Ticket Fines and Penalties in Connecticut
Traffic ticket fines cost the same throughout the state, but they vary by violation. Check your traffic ticket for the section titled “Amount Due" (near the bottom right).
Each year, the state provides a Violations and Infractions Schedule; you can access this list online or obtain a small booklet version at your local library, policy station, DMV office, or Superior Court.
Misplaced your ticket? Refer to Lost CT Traffic Ticket.
Court Costs and Other Surcharges
Like traffic ticket fines, court costs are the same throughout the state.
Surcharges related to DUI-violations depend on the offense number:
- 1st Offense: $500 to $1,000
- 2nd Offense: $1,000 to $4,000
- 3rd Offense: $2,000 to $8,000
Refer to CT DUI for more information about penalties like jail time, community service, license suspension and revocation, and ignition interlock devices.
Operator Retraining Program
Generally, judges or the DMV order drivers who are―
- 24 years old or younger and have 2 moving violations or suspension violations, or
- 25 years old or older and have 3 moving violations or suspension violations
- Convicted of driving over 75 MPH in a highway construction zone.
- A commercial driver's license (CDL) holder convicted of driving over 65 MPH in a highway construction zone.
Failure to Respond Costs
Your traffic ticket includes a section titled “Answer Date." You face a variety of penalties if you don't pay or plead not guilty by that date (such as license suspension), but you also face extra costs:
- Pay a fee to the Clerk of Court to reopen the case. Note that it's in addition to your traffic ticket fine.
- $175 to reinstate your driver's license.
(Plead Nolo Contendere or No Contest)
- Pay the fine.
- Avoid driving record points.
- Experience increased auto insurance rates.
- Possibly attend court-ordered Operator Retraining Program.
Learn more about
Paying your Traffic Ticket »
Auto Insurance Rate Increase
It's common for auto insurance providers to increase their policyholders' rates when they plead no contest or are found guilty of traffic violations―so, these increased rates essentially are additional costs associated with your traffic ticket.
Fortunately, your auto insurance company isn't the only auto insurance company; start comparing insurance rates online to find more affordable rates.
Similar to traffic ticket fines, court costs, and other fees, penalties are fairly uniform throughout the state.
CT Driver's License Suspension, Revocation, and Cancellation
Connecticut will suspend your driver's license for a number of violations―both directly and indirectly related to traffic violations.
License Suspension: When you're license is suspended, it means the state takes away your driving privileges for a certain amount of time. Depending on the circumstances, you might have to meet certain reinstatement requirements (in addition to waiting out the suspension period) before the DMV restores your driving privileges.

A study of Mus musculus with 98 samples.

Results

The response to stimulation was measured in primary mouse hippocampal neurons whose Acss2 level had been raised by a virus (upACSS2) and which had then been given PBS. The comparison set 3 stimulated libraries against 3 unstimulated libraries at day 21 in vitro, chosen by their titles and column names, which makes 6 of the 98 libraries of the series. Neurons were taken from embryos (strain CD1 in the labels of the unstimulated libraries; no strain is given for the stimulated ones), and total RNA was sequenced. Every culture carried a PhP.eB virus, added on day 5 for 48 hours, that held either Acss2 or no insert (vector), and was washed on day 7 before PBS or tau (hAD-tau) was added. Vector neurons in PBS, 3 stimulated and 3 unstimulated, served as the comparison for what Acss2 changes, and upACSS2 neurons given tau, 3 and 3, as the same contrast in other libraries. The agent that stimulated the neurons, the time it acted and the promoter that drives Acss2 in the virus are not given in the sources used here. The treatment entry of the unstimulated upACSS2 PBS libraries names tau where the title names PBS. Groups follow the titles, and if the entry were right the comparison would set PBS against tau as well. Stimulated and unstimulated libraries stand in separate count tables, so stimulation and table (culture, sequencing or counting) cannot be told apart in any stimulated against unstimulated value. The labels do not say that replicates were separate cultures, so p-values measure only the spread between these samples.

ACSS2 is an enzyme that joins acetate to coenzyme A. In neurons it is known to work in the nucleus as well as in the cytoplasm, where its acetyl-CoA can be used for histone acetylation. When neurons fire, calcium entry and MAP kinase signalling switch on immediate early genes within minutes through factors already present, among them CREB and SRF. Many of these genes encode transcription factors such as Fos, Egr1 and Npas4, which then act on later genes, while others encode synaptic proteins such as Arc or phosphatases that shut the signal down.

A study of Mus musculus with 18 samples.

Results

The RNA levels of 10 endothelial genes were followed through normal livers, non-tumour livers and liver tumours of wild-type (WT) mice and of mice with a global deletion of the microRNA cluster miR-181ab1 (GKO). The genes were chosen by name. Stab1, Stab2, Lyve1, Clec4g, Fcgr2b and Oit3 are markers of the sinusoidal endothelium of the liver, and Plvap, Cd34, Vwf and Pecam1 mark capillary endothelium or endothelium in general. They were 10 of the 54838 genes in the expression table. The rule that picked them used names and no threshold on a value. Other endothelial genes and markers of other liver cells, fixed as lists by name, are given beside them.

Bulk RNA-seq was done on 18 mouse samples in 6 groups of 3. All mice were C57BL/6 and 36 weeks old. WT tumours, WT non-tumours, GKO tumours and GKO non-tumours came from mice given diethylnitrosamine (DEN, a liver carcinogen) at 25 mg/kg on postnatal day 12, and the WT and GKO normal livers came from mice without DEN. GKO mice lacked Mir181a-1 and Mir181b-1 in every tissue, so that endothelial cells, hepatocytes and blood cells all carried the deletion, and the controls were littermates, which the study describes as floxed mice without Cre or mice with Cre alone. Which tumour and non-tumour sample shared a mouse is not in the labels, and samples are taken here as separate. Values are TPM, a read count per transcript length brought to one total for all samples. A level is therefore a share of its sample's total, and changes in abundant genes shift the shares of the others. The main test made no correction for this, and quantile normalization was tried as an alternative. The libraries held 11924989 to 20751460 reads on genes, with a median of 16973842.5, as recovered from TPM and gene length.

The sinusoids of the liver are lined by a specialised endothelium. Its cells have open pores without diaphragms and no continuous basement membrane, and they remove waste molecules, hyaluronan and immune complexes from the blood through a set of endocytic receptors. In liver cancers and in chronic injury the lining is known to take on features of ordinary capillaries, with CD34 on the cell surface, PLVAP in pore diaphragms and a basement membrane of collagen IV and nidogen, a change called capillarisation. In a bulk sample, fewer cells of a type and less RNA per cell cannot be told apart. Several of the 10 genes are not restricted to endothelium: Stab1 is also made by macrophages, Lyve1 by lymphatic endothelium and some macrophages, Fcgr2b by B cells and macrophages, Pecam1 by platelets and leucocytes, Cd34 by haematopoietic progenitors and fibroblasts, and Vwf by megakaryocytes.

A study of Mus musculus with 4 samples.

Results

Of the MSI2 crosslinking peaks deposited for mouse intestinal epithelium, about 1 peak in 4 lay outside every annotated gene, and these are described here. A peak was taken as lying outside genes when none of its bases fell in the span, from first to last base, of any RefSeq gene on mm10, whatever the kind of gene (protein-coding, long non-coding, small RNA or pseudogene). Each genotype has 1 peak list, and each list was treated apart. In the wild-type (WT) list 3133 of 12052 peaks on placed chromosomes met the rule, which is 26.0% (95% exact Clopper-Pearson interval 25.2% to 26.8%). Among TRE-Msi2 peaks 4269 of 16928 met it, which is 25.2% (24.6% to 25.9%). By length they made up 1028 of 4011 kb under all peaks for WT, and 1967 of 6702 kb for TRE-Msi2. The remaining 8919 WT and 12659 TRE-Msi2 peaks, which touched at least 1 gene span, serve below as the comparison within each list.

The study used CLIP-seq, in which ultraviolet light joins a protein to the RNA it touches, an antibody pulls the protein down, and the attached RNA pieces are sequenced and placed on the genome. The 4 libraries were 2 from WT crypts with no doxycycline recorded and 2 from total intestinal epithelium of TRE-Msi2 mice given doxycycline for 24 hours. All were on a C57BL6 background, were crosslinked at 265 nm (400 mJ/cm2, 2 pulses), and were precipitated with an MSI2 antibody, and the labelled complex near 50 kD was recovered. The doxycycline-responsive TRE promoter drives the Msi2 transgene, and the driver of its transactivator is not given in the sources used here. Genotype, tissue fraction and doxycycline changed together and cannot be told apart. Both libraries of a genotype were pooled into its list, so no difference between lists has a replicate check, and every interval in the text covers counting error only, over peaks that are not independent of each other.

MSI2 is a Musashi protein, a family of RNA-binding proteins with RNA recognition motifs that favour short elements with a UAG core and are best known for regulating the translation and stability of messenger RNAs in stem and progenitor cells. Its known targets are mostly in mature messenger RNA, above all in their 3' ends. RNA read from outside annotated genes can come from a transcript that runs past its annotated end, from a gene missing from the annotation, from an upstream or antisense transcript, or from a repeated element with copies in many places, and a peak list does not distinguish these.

License Revocation: License revocations are similar to suspensions, but generally the last longer or indefinitely and involve more serious offenses.
Refer to Suspended CT License for detailed information about license suspensions; meanwhile, note the following are a few reasons for automatic suspension:
- DUI-related offenses.
- Reckless driving.
- Failing to fully stop when signaled.
- Assault with a vehicle.
- Manslaughter with a vehicle.
- Driving with an already suspended license.
Refer to the CT Point System for more information.
Penalties for Drivers Younger than 21
Per the state's Zero Tolerance Law, drivers younger than 21 years old caught operating a motor vehicle with a BAC of 0.02% or higher face license suspension.
16- and 17-Year-Old Drivers
Minors with learner's permits face license suspension for violating the Zero Tolerance Law as well as offenses like:
- Violating any license restrictions.
- Reckless driving.
- Street racing.
- Using a cell phone or other device for phone calls or text messages.
Check Chapter Three of the Connecticut Driver’s Manual for more information about young drivers.
Penalties for Connecticut Commercial Drivers
All CT CDL drivers must notify their employers with 30 days of getting convicted of a traffic ticket.
Below are the penalties for CDL drivers as mandated by the Federal Motor Carrier Safety Administration (FMCSA).
You face a license suspension or disqualification for 1 year if you:
- Drive a commercial motor vehicle (CMV) with a BAC of 0.04%.
- Refuse a sobriety test.
- Leave the scene of an accident.
- Commit of a felony with the vehicle.
- Drive a CMV with a suspended, revoked, or canceled CDL.
- Cause a fatality through negligent driving.
If you commit any of the following, it's considered a serious offense:
- Speed 15 MPH over the limit.
- Drive recklessly.
- Improperly change lanes.
- Drive too closely behind another vehicle.
- Drive a CMV without holding a CDL.
- Drive a CMV without having your CDL in your possession.
- Drive a CMV without the proper CDL endorsement.
- Violate a state law of texting while driving.
2 serious offenses within 3 years result in license suspensions for 60 days; 3 serious offenses result in suspension for 120 days.
You'll lose your CDL for at least 180 days if you:
- Violate a driver or vehicle out-of-service order while transporting nonhazardous materials.
- Violate a driver or vehicle out-of-service order while transporting hazardous materials required to be placarded, or while driving a vehicle designed to transport 16 passengers or more.
Related ContentRecommended ArticlesOther Topics in This Section
Provide FeedbackThis year more than
people will be injured in a car accident due to distracted driving.